Hey Plotaholics! Bryan here.
I finished watching When They See Us a while back, on a Saturday night in June and into the next morning. I started watching that Saturday morning, and after binging the entire show in less than 24 hours, I was in tears.
The case of The Central Park Five is among the most potent examples of a miscarriage of justice as there ever has been in the United States in the last forty years. If you haven’t watched When They See Us, I suggest you do so. However, I understand why many won’t. It is very powerful, very potent, and will hit your agony and anger receptors with the might of Rocky Balboa’s body shots.
This article is going to be a little bit different than other articles that I have written for the Plotaholics. I’m not really reviewing this mini-series. It is an amazing series, but I’m going to speak more from the heart.
I was only nine, going on ten-years-old, when the Central Park Five (Korey Wise, Antron McCray, Yusef Salaam, Raymond Santana, and Kevin Richardson) were arrested and demonized for the brutal rape and attempted murder of Trisha Meili. I actually knew nothing about this case as I have no memory of anything about it from my childhood. I heard about it as an adult when they were first exonerated, but until this series, the incident had essentially faded from my conscious mind.
For that, I feel horrible.
I have known white people—both personally and in my professional life, especially from my time as a certified Corrections Officer at the county level in the state of New Hampshire—that have taken a very defensive stand on situations involving black people. I have had people say to me, and I’m paraphrasing, but not by much: “Why do black people have to make everything about race? Don’t they realize that’s what keeps racism around? I’m glad you’re not like them Bryan. You don’t see yourself as a victim.” Yes. I have had people look me in the face and say this, without batting an eye. They were sincere and felt completely justified.
When you mention the Central Park Five, or Trayvon Martin, or Tamir Rice, or the litany of black men and women whom in the last ten years have been victims of police brutality, one of the things that I recall hearing from white people that I knew (especially in the case of Trayvon Martin) was “Why was he there?” Or, as YouTuber Calvin Michaels stated in his video discussing this same topic, “There’s something you must have done for this to happen.”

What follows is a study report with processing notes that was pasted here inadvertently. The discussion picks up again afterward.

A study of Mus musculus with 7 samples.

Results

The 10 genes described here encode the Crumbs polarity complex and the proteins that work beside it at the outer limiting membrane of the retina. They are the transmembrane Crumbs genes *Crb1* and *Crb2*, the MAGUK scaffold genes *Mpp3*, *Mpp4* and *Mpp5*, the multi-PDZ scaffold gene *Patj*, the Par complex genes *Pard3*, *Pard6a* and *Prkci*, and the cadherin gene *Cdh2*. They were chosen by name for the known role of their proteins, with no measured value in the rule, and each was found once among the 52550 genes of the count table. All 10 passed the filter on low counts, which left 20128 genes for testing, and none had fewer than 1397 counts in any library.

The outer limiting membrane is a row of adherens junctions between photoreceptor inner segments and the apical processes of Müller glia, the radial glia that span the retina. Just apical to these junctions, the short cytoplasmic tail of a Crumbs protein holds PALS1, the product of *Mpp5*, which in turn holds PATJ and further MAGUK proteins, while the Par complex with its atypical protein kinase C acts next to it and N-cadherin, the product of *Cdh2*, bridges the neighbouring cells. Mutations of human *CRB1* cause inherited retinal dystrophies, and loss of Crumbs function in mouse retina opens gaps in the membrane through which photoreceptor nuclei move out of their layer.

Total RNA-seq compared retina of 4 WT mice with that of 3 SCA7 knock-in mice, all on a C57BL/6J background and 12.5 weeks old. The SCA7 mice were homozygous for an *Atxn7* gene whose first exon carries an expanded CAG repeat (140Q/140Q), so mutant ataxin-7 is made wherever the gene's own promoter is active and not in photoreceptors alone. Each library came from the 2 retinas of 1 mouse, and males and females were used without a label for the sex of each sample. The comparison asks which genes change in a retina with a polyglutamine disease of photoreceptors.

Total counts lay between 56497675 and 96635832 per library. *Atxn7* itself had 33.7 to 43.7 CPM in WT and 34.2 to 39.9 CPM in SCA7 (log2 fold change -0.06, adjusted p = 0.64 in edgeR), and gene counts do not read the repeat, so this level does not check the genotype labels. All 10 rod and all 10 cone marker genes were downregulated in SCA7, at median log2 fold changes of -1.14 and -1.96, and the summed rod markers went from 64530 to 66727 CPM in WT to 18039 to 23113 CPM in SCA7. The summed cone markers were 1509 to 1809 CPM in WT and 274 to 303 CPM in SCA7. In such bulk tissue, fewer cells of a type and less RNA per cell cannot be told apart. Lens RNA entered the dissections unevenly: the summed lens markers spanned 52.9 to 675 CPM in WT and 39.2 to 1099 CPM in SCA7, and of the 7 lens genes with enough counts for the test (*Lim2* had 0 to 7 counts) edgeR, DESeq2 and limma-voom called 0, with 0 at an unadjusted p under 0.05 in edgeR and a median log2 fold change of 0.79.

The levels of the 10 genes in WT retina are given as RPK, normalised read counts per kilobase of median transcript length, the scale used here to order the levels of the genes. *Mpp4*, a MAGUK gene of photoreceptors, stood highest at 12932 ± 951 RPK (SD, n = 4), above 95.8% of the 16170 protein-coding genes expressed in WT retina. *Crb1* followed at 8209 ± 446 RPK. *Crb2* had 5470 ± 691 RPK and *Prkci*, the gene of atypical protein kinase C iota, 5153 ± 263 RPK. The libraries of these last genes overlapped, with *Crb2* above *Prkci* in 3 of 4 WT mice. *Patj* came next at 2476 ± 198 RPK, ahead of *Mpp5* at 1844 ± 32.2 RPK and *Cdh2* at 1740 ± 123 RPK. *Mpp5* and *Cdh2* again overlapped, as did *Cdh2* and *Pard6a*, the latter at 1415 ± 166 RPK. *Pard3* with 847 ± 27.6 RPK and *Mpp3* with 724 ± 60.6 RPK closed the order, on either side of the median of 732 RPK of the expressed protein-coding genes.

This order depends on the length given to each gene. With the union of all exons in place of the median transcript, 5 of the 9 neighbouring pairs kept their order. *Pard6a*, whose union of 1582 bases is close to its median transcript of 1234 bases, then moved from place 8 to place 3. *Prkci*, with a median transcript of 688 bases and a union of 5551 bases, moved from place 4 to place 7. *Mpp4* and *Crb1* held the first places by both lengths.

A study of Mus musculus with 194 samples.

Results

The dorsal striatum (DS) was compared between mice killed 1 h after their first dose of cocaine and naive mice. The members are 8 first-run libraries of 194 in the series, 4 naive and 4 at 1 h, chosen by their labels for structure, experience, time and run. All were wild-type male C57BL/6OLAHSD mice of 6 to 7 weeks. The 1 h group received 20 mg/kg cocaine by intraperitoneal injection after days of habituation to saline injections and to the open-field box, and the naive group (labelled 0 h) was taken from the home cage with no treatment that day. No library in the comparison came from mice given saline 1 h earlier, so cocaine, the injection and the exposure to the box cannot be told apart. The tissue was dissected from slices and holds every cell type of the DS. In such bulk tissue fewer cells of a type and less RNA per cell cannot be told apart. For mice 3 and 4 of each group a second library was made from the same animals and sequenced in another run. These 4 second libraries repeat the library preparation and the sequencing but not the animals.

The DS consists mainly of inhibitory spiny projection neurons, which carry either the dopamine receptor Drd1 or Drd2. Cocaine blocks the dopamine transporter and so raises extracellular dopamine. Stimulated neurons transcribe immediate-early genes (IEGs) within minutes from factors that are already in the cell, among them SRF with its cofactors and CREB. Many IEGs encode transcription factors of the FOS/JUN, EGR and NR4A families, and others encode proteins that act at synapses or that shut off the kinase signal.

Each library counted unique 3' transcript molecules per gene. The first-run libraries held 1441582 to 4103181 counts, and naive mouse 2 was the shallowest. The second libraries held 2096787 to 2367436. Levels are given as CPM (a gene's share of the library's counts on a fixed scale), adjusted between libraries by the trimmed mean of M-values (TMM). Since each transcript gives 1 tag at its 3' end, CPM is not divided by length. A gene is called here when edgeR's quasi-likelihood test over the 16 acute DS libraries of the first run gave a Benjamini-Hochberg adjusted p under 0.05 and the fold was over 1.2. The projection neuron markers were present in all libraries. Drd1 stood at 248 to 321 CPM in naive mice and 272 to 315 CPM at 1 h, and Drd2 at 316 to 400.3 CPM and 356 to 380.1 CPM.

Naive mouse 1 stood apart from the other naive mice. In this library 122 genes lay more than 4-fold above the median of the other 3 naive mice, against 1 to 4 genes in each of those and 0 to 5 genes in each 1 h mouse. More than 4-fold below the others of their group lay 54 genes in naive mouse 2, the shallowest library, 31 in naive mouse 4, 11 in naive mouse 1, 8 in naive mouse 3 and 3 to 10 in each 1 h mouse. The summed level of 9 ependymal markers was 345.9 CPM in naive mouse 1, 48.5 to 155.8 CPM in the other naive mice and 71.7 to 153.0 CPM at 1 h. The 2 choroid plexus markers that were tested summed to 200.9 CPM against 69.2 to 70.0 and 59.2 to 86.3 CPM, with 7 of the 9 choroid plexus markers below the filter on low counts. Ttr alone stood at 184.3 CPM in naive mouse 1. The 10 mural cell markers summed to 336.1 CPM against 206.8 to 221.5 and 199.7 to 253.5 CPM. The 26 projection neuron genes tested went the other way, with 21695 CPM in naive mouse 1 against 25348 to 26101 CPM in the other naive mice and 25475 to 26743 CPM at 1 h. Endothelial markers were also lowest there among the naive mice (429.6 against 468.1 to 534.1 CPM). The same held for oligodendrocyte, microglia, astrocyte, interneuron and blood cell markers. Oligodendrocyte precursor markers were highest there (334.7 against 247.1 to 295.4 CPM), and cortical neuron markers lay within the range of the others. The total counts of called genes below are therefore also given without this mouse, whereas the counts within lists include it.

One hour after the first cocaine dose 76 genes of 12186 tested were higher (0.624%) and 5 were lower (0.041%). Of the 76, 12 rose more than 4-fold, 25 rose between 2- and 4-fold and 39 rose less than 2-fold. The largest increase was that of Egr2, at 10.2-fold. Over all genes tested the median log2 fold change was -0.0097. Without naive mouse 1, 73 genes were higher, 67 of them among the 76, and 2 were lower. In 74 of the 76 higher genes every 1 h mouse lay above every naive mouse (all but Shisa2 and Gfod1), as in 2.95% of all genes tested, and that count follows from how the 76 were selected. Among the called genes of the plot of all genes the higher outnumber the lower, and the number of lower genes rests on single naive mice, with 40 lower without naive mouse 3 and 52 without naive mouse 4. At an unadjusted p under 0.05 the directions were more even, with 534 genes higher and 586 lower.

Why is that? Why is it that these black citizens had to be doing something that resulted in something happening? Tamir Rice was being a kid with his BB gun when the police drove right up on him and shot him. Young white children have been playing with BB guns for forever without worrying about anything other than ‘shooting your eyes out.’
Why is this simple act of childhood not something we as black people can do? Why? Are we that feared and hated that we cannot do something that is considered part of a child’s life?
Are we that feared and hated that we cannot just walk to the store? So what if I’m wearing a hoodie with my hood over my head or not? Maybe there’s a chill in the air? Maybe I just want my hood on just because? Why is that a problem?
The first two years of high school were absolute hell for me. I experienced racism and socio-economic classicism for the first time as a young black man who was also poor. I went to a predominately white all-male Catholic High School and the few blacks and other people of color had money. A smaller percentage were like me, there on a scholarship. The other black kids that were there were also either athletes, or were just “cool” enough to hang out in social circles. I was an outcast based on race, money, and I just wasn’t “cool” enough.
There were two students in my biology class that loved to torment me. One was a goofy-looking idiot that had a bit of cruelty to him, but he mostly just looked like a stooge. The other was cold, cruel, and full of hate. He wore his hatred on his face, seemingly with pride.
One day the goof looks to his buddy and goes “How do you know that Adam wasn’t black?” The cruel buddy starts laughing and goes “How?” The goof responds “Because a nigger won’t give up a rib to anybody!” I remember kids in the class laughing. Even the teacher, with his massive mustache, cracked a smile and never once attempted to stop the laughter or the racism itself.
Goof looks at me, giving me this big stupid grin. I say to him “Would you say that if _ _ _ _ _ _ were here?” I mentioned his name because at 14 this kid was over 6’ and 250lbs. He was also the son of a former Pittsburgh Steeler. Everyone knew him. He was also one of the many that made my life a living hell.
Anyway, the goof goes ‘He won’t do anything, I grew up with him!” That hurt worse than anything. So yeah, this little bigot had a black friend, he told his joke. It wasn’t funny and it caused nothing but pain. Doesn’t mean that’s okay.
Just because you have a black friend doesn’t mean you don’t have a prejudice. We all have a prejudice. It just is what it is. It’s a matter of being able to put your prejudice aside for truth, fact, and to have respect for someone. Furthermore, just because you have a black friend that you make jokes with and it’s funny to them doesn’t mean it’s acceptable.
Clearly, When They See Us struck a chord with me, and it provoked thought in me that pushes beyond the scope of the series, as any good art should.
We are all one people. That is all there is to it. Our hearts pump blood through our bodies, our brains all send electrical impulses to make our bodies work. We are one people. It’s time to act as such. As compelling at When They See Us is as television, it would be nice to live in a world where such television isn’t necessary.